Rally the troops with your own social media site

Rally the troops with your own social media site

Rally the troops with your own social media site

In 2006, when Facebook was only just gaining traction outside universities, Best Buy launched Blue Shirt Nation – a social media site for employees. Originally planned as a research tool, workers embraced it as a place to share stories and ideas. Best Buy discovered it had passionate people working in store who would share their enthusiasm online. It’s been used as a way to find promotional ideas.

So how can you apply Best Buy’s success to your business?

“If you have an internal blog or an internal system it would encourage peer-to-peer support,” says Sidneyeve Matrix, associate professor of Media and Film at Queen's University. “It also might show them opportunities for where they could move in the company, and it might make them more visible to the C-suite.”

That’s exactly what happened for Nick Pfeizer, a Best Buy employee and veteran gamer who found himself flown to head office to pitch an innovative idea for how the company could sell computer games after writing a post on Blue Shirt Nation. That kind of connection also makes executives seem more accessible and transparent, rather than the distant managers that frontline staff might never see.

And for organizations trying to cope with the changing demands of younger workers, there are ways to socialize feedback on these sites.

“Younger employees want a lot of face time or communication, they’re used to that,” Matrix says. “Those kinds of networks of feedback would be in real time so you’re not waiting until it’s time for a review. It’s ‘formative feedback’ so you can change your behaviour.”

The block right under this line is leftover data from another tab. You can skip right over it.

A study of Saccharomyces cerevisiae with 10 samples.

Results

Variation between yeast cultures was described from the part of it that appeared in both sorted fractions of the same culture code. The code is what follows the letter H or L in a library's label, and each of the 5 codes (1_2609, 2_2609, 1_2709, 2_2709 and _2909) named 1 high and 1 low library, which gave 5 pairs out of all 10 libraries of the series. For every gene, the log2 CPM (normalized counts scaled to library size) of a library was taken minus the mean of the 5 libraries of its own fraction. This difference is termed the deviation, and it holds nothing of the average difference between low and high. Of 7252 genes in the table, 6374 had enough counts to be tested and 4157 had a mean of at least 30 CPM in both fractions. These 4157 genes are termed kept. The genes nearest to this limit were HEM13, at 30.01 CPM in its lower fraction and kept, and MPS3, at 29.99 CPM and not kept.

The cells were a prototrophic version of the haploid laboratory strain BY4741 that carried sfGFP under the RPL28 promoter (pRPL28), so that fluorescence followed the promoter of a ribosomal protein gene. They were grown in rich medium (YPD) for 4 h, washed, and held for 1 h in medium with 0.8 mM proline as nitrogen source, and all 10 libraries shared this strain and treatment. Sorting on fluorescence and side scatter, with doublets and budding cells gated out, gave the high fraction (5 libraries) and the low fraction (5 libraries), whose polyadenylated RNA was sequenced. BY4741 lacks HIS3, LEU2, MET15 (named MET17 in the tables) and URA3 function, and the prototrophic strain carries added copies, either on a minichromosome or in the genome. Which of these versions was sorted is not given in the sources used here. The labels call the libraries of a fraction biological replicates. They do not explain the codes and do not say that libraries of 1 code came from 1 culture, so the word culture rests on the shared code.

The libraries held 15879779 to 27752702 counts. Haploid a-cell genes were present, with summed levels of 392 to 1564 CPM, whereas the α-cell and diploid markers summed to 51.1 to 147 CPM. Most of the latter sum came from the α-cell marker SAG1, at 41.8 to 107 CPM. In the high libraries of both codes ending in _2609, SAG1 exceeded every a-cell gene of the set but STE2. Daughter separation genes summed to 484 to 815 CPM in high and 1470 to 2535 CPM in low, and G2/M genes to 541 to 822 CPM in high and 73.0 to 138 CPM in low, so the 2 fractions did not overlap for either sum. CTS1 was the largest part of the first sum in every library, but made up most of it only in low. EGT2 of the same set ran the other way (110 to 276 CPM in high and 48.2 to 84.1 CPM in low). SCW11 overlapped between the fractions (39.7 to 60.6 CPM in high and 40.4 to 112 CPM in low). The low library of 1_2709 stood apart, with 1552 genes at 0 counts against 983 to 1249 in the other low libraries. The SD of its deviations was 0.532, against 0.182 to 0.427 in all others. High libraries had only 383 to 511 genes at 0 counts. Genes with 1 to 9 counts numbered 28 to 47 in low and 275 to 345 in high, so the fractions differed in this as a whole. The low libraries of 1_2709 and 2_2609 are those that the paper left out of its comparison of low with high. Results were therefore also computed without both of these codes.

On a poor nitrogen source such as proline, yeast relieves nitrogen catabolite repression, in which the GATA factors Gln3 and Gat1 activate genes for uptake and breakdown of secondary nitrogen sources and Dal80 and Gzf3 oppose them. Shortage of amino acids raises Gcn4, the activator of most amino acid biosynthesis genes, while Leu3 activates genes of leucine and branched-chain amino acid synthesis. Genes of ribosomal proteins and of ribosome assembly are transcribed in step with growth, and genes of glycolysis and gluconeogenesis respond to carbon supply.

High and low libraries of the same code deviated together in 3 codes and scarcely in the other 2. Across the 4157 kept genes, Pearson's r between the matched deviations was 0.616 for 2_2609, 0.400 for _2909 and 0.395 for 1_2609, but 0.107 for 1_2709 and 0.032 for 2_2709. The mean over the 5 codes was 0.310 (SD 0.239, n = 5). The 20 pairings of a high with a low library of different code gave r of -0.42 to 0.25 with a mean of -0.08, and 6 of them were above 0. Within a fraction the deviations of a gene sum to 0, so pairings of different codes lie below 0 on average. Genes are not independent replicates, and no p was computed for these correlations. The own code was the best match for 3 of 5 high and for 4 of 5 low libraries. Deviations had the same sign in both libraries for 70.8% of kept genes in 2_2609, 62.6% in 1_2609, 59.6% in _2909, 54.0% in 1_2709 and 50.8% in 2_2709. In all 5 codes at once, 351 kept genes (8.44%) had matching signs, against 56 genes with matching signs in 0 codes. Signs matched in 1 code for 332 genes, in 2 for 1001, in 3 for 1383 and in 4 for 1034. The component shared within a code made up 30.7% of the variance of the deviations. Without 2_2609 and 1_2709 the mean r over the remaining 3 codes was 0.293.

Employers are often concerned that an open forum will become a complaints board, which is unlikely to improve morale and engagement. A minority view can end up amplified if their message ends up overwhelming message boards. Matrix says any system needs to be managed and monitored with a social media policy.

One of the designers behind Blue Shirt Nation, Steve Bendt, says that for the most part the community moderates itself.

“The fear factor that so many executives seem to have with open forums did not materialize on Blue Shirt Nation,” explains Bendt. “We put the responsibility on the community and said ‘listen, don’t be stupid and take care of each other.’”

Instead the company found that some passionate employees took on a mentoring and inspiration role, sharing their energy with coworkers across the country.

An important starting point is to have a content strategy. How will you get people to participate?

“You might say we’re going to take pictures at company events or we’ll interview some customers and we’re going to show employees we’re going to show employees they make a difference,” Matrix says. “Have a content strategy for how you’re going to represent the culture of the organization internally.”